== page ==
Sarcoma - Medical Negligence Solicitors – Compensation Claims


A sarcoma is a cancer that arises from mutated mesenchymal cells. This means that the cells can have an origin in bone, cartilage, muscle, vascular tissue, fat and haematopoietic tissues. This is completely unlike epithelial cell cancers which are called carcinomas.

There are two types of sarcomas: bone sarcomas and soft tissue sarcomas. Soft tissue sarcomas develop from softer tissues like fat, muscle, nerves, blood vessels, fibrous tissues or deep skin tissues. They can be found in any part of the body, including the trunk, head and neck, and extremities. Even internal organs are affected. There are many types of soft tissue sarcomas and not all are considered cancerous. There are about fifty different types of soft tissue sarcomas. There are tumours that come from fat such as the benign lipoma and the benign lipoblastomas. Liposarcomas are cancerous an usually show up behind the knee, in the back of the abdomen and the thigh. They occur in patients aged 50-65.

Muscle tumours involve soft tissue sarcomas. There are smooth muscle tumours and skeletal muscle tumours. Benign tumours include leiomyomas and rhabdomyomas. Leimyosarcomas are malignant tumors of smooth muscle. They are most likely found in the back of the abdomen and are less often seen in the deep tissues of the legs or arms. They are more common in the elderly.

Sarcomas are given different names depending on the cell of origin. For example an osteosarcoma comes from bony tissue, chondrosarcoma, which resembles cartilage and liposarcoma, which comes from fat. Sarcomas are also graded as low, intermediate or high depending on the character of the cells and on their malignant biological behaviour. Low grade sarcomas are removed surgically, although they sometimes need radiotherapy and chemotherapy. Intermediate and high grade sarcomas are treated with a combination of surgery, radiation and chemotherapy. High grade sarcomas are more likely go metastasize and are treated the most aggressively. It’s been discovered that high grade tumours are particularly sensitive to chemotherapy so that focusing on that has made a difference in the survival rate of the various high grade tumors. For example, before chemotherapy the survival rate for osteosarcoma, high grade, was 20 percent. After chemotherapy, the survival rate is about 60-70 percent.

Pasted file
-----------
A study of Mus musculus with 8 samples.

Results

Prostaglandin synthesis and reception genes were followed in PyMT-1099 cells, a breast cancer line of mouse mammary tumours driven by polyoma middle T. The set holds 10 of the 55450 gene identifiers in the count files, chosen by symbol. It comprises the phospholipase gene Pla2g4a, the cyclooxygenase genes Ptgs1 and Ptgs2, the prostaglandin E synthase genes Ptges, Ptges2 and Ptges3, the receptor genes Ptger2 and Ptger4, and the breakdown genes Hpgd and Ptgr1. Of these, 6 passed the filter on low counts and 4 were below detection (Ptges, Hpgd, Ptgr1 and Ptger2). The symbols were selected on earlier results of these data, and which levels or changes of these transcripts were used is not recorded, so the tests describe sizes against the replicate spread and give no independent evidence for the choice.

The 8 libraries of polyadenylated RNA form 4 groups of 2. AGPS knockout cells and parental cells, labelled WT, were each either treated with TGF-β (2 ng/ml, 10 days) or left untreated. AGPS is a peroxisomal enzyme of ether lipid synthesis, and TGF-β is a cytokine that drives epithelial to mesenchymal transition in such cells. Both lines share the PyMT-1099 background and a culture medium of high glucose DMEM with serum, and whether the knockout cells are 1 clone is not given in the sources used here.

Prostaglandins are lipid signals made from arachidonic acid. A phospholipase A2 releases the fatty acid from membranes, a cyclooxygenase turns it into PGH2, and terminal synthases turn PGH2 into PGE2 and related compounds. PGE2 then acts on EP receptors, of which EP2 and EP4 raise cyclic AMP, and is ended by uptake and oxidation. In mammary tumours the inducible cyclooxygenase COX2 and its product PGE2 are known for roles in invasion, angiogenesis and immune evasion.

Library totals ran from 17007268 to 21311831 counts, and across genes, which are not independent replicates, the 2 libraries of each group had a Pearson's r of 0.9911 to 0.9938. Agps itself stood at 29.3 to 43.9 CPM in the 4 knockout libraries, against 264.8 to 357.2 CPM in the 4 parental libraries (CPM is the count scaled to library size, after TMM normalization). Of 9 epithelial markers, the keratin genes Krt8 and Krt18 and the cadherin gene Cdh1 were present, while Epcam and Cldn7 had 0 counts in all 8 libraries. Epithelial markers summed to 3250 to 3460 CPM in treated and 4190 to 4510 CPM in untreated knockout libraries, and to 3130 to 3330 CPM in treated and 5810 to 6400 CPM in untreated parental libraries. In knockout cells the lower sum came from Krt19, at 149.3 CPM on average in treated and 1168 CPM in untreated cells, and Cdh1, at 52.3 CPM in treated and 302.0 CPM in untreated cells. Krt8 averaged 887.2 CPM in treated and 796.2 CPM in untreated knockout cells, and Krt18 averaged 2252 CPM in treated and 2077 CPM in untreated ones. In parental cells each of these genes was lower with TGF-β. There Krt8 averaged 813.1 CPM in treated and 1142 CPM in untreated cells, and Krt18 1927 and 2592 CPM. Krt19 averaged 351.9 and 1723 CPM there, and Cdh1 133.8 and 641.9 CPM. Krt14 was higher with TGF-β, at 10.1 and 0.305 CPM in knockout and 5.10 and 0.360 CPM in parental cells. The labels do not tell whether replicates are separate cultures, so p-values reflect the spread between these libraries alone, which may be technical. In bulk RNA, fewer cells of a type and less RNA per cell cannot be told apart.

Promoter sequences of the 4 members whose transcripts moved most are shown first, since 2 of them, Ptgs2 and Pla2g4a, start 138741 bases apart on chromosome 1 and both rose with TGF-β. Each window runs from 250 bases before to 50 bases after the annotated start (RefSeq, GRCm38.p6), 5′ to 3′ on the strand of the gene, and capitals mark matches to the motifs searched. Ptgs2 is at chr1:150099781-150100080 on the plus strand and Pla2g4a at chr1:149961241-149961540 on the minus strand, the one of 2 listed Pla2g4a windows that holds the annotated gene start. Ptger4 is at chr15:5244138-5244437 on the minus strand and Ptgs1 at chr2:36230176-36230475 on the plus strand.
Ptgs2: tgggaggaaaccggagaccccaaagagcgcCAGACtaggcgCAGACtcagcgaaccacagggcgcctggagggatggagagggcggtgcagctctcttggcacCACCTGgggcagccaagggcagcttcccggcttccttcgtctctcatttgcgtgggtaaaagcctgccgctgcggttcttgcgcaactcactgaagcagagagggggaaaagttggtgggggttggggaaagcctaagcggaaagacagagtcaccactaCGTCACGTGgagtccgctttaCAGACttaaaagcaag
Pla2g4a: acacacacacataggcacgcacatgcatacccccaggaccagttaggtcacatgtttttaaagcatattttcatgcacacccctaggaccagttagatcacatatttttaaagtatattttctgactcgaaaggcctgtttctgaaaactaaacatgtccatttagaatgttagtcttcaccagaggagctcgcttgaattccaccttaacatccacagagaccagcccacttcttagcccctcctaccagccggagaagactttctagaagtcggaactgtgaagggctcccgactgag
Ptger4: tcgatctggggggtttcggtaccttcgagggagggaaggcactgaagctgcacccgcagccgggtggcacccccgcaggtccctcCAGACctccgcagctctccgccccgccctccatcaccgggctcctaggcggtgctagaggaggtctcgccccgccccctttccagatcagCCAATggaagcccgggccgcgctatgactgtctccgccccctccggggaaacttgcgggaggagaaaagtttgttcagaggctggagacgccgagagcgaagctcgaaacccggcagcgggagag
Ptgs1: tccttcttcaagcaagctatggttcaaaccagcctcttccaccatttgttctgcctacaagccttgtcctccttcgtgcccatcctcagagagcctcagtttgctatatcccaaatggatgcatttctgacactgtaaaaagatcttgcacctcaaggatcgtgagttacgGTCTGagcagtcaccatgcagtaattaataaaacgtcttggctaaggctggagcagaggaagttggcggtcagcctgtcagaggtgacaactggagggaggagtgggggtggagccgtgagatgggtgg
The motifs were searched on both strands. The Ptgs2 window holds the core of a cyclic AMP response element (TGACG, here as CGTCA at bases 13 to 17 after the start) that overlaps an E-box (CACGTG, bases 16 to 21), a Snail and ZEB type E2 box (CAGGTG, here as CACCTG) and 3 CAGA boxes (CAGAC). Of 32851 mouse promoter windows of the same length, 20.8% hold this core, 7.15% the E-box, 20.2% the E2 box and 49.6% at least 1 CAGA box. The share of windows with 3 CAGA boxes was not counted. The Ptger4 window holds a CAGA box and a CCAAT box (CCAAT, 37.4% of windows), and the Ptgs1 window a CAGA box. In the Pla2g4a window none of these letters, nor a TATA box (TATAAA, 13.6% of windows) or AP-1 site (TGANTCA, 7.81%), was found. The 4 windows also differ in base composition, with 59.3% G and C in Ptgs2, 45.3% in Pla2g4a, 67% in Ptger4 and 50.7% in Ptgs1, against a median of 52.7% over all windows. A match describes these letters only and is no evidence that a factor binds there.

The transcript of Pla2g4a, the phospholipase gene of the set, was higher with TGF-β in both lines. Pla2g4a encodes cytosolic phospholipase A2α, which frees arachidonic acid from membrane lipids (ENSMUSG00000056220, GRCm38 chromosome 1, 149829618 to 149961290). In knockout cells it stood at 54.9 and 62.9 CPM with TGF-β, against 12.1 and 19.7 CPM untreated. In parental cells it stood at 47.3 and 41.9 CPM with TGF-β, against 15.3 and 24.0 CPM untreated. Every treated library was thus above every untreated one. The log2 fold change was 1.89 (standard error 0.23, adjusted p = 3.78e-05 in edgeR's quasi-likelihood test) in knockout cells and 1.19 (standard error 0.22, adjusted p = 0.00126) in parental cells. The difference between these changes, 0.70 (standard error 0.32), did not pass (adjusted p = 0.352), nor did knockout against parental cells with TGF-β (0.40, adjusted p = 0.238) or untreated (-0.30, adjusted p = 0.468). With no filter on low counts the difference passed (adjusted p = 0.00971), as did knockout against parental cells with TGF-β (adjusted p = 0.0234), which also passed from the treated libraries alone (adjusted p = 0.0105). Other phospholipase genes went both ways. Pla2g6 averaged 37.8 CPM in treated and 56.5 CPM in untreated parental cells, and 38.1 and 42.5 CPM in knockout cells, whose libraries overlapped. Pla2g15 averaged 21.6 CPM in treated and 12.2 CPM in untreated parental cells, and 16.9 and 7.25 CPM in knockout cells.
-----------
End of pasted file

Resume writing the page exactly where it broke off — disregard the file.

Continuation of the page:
There are a number of sarcomas, each with a unique name. They include Askin’s tumor, chondrosarcoma, Sarcoma botryoides, Ewing’s sarcoma, Malignant hemangioendothelioma, malignant schwannoma, osteosarcoma, soft tissue sarcomas, including alveolar soft part sarcoma, angiosarcoma, desmoid tumor, extraskeletal osteosarcoma, fibrosarcoma, gastrointestinal, stromal tumour, hemangiosarcoma, Kaposi’s sarcoma, liposarcoma, lympangiosarcoma, malignant fibrous histiocytoma, neurofibrosarcoma, rhabdomyosarcoma, synovial sarcoma and malignant fibrous histiosarcoma.

Surgery is the most common modality used in treating sarcomas. Now they are using limb-sparing surgery rather than a limb amputation. This technique has been used to save the limbs of at least 90 percent of all cases of extremity sarcoma. The additional therapies of chemotherapy and radiotherapy can be used before or after surgery. If used before surgery, the idea is to de-bulk the tumour, making it easier to completely remove the tumour. People with bony sarcomas are especially sensitive to chemotherapy. Liposarcoma treatment involves surgical resection without the use of chemotherapy. Radiotherapy is sometimes used. In cases of rhabdomyosarcoma, the cancer is treated with surgery, radiotherapy, and chemotherapy. The survival rate is about 50-85 percent. Osteosarcoma involves surgical resection of as much of the cancer as possible along with adjuvant chemotherapy. Radiotherapy is sometimes used but it is not as successful as surgery and chemotherapy.

Sarcomas are very rare, with only 2,000 new cases identified per year in the UK. Sarcomas represent only one percent of the total of new cancer cases in that country each year. The most common type of sarcoma is the gastrointestinal stromal tumour or GIST. There are about 500 cases per year in the UK.

Sarcomas can affect people of all ages but things like leiomyosarcoma, chondrosarcoma and GIST are usually found in adults instead of children. High grade bony sarcomas, including Ewing’s sarcoma and osteosarcoma are definitely more common in children and young adults than in adults.